IT’S A BIRD! IT’S A PLANE! IT’S A HAMMERHEAD CRANE!!
Don’t blink, you may miss it… The future of this iconic Sydney structure is on the chopping table of the Minister for Sustainability, Environment, Water, Population and Communities, The Hon Tony Burke MP. Removal has been recommended by the Department of Defence, as outlined in a Media Release in response to public submissions, many of which were, conveniently, in favour of removal.
The Department intends introducing new Hobart Class Destroyers to the Garden Island site by March 2017, and these ships are larger than the Adelaide class they are replacing and have helicopter landing facilities onboard, and it has been noted that the Garden Island Crane may get in the way of business for the RAN. Also, maintenance and restoration costs have been labelled prohibitive under the Defence budget. “Every centimetre of compromise given to this crane takes away from our Navy’s ability to use Garden Island to its best possible advantage… It is a liability that costs over $700,000 just to keep it standing there safely. This is money that comes straight out of our Defence budget. Every year the crane stands, that’s $700,000 or more that our nation loses to real Defence capability” said Senator David Feeney, Parliamentary Secretary for Defence. In reality, this figure has been refuted and may in fact be the total spent on the crane’s upkeep over a number of years.
So heritage is the loser once again. A Victorian bureaucrat singing the praises of demolishing a Sydney landmark… One that is listed as a state significant item, one that is part of the very fabric of the Commonwealth listed Garden Island Precinct, one that is coveted by the National Trust as well as the greater public, and one that is located well within the World Heritage listed Sydney Opera House buffer zone, and forms a clear visual link between, thereby contravening UNESCO standards to remove such a heritage item from its said location. The Defence-commissioned heritage assessment itself concludes that “the removal of the hammerhead crane will have a significant impact on the historic heritage environment of the Garden Island Precinct. The removal of the hammerhead crane will be irreversible, changing the skyline of Sydney by removing an historic element which has been in place since its construction commenced in 1944 and use in 1951.”
On top of that, in Scotland similar cranes have been given the greatest heritage protection afforded, some being adapted as successful tourist attractions. Here in Sydney a development application was proposed to turn the crane into a restaurant, but that was quickly skuttled. Lord Mayor of Sydney Clover Moore graciously submitted a letter to the Prime Minister outlining the value of retaining such a marvel of postwar industrial heritage as a symbol to the people of Sydney – this crane is really our Sydney Harbour Bridge’s little brother for crying out loud, there is a visual and contextual living and breathing link there… we have already lost one heritage crane The Titan in the 90’s and the story of that ending up at the bottom of the sea somewhere between here and Singapore is truly saddening. Well here goes another.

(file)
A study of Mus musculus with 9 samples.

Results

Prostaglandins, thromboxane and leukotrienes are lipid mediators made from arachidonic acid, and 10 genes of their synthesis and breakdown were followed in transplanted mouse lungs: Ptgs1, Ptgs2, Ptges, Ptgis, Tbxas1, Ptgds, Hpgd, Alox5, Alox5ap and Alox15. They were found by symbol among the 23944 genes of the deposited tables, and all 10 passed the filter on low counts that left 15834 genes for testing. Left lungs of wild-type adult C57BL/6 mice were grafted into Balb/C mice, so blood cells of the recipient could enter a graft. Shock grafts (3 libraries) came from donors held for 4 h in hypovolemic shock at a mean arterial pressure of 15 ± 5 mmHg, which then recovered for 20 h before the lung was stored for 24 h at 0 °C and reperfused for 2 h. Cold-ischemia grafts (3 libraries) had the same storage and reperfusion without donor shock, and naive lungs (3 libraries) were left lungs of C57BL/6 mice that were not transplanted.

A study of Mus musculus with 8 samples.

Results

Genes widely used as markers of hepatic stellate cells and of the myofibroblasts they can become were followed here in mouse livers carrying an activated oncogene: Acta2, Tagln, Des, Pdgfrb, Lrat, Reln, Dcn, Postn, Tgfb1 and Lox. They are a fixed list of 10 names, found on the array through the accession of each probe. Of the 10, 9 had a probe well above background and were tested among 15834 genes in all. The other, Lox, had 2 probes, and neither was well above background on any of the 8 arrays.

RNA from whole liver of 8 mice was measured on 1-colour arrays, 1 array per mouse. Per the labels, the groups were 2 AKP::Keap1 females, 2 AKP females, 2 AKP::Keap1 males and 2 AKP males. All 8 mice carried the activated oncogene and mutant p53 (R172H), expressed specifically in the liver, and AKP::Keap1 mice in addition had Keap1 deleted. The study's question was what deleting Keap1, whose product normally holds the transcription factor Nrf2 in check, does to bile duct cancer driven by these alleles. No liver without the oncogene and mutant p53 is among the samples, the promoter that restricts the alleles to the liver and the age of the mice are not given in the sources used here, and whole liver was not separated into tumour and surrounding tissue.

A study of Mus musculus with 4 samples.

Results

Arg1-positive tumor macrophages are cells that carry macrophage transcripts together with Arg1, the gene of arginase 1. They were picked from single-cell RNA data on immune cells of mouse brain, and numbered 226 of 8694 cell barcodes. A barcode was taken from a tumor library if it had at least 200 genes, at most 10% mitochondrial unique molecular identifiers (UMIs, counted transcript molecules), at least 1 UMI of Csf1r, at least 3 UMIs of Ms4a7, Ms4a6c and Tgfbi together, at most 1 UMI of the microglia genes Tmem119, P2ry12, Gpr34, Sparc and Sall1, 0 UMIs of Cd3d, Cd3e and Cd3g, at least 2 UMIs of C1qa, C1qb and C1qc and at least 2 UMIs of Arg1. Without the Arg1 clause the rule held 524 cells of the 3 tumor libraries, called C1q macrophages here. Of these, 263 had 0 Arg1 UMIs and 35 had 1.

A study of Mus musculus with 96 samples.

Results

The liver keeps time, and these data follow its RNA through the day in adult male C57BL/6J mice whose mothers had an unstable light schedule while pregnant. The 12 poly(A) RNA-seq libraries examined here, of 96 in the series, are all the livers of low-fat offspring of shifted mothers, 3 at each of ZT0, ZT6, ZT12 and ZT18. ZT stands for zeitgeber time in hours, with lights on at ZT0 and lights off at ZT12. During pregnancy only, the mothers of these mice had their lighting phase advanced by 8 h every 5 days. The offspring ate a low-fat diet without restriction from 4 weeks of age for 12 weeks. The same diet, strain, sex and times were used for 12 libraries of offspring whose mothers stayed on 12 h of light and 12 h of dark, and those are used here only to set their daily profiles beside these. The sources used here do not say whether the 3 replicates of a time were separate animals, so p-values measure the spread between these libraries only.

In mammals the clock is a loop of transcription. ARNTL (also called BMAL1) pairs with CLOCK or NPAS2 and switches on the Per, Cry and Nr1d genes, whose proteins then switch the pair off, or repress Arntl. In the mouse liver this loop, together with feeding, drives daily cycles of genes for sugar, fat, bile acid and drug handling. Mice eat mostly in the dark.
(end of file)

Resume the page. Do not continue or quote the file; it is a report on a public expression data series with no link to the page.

If the location of the Hammerhead poses such a logistical issue, then it should be relocated to Cockatoo Island or somewhere similar where it could be cherished in a post-industrial heritage dockside environment. It’s really a giant Meccano kit so it should be able to be dismantled and moved by all those brainy naval engineers without posing too much of a challenge. C’mon Australia, use your technical know-how for once.
Equally important as the Hammerhead crane, maritime industrial vestige, is the Hammerhead crane as a piece of urban art and one that may provide inspiration to new generations of artists and art-lovers alike. Remember they simply don’t build things like this anymore, and there are only a handful worldwide, so when they disappear from the skyline, they aren’t coming back again, and the realms of industrial art as a muse or simply a backdrop to our modern ‘evolved’ lifestyle are constantly shrinking.
“…this crane is really our Sydney Harbour Bridge’s little brother for crying out loud!” – Inheritance
I strongly urge members of the public, whether you live in Sydney or not, to contact Minister Tony Burke with your concerns over the intended removal of our Hammerhead crane ASAP. This is the eleventh hour now, it’s your last chance to get behind this piece of engineering history before it is gone forever. It will only take a minute of your time.
Please feel free to use my letter below as a template, alter it as you wish or copy it word for word, and send it to the link below.
Dear Mr. Burke.
It is with great alarm that I have heard the Royal Australian Navy intends to remove the famous Hammerhead Crane at Garden Island. This is an iconic landmark for our city and a great reminder of our naval indusrial past. It is a link to the great British Empire and a visual tie to our working harbour past. On top of this, it is a National Trust listed item as well as being located within the World Heritage Listed Opera House Buffer Zone and would contravene direct protocol of UNESCO guidelines to remove such an important landmark from the skyline surrounding Sydney Harbour.
I would like to ask you to consider the heritage value of this important historical monument above just a maintenance dollar value. All great buildings require a maintenance and/or restoration budget, this is not a unique example. If we continue losing so much of our heritage we will lose our entire identity as a nation.
(Insert your name here)
Going, going, … All images copyright 2013 Inheritance.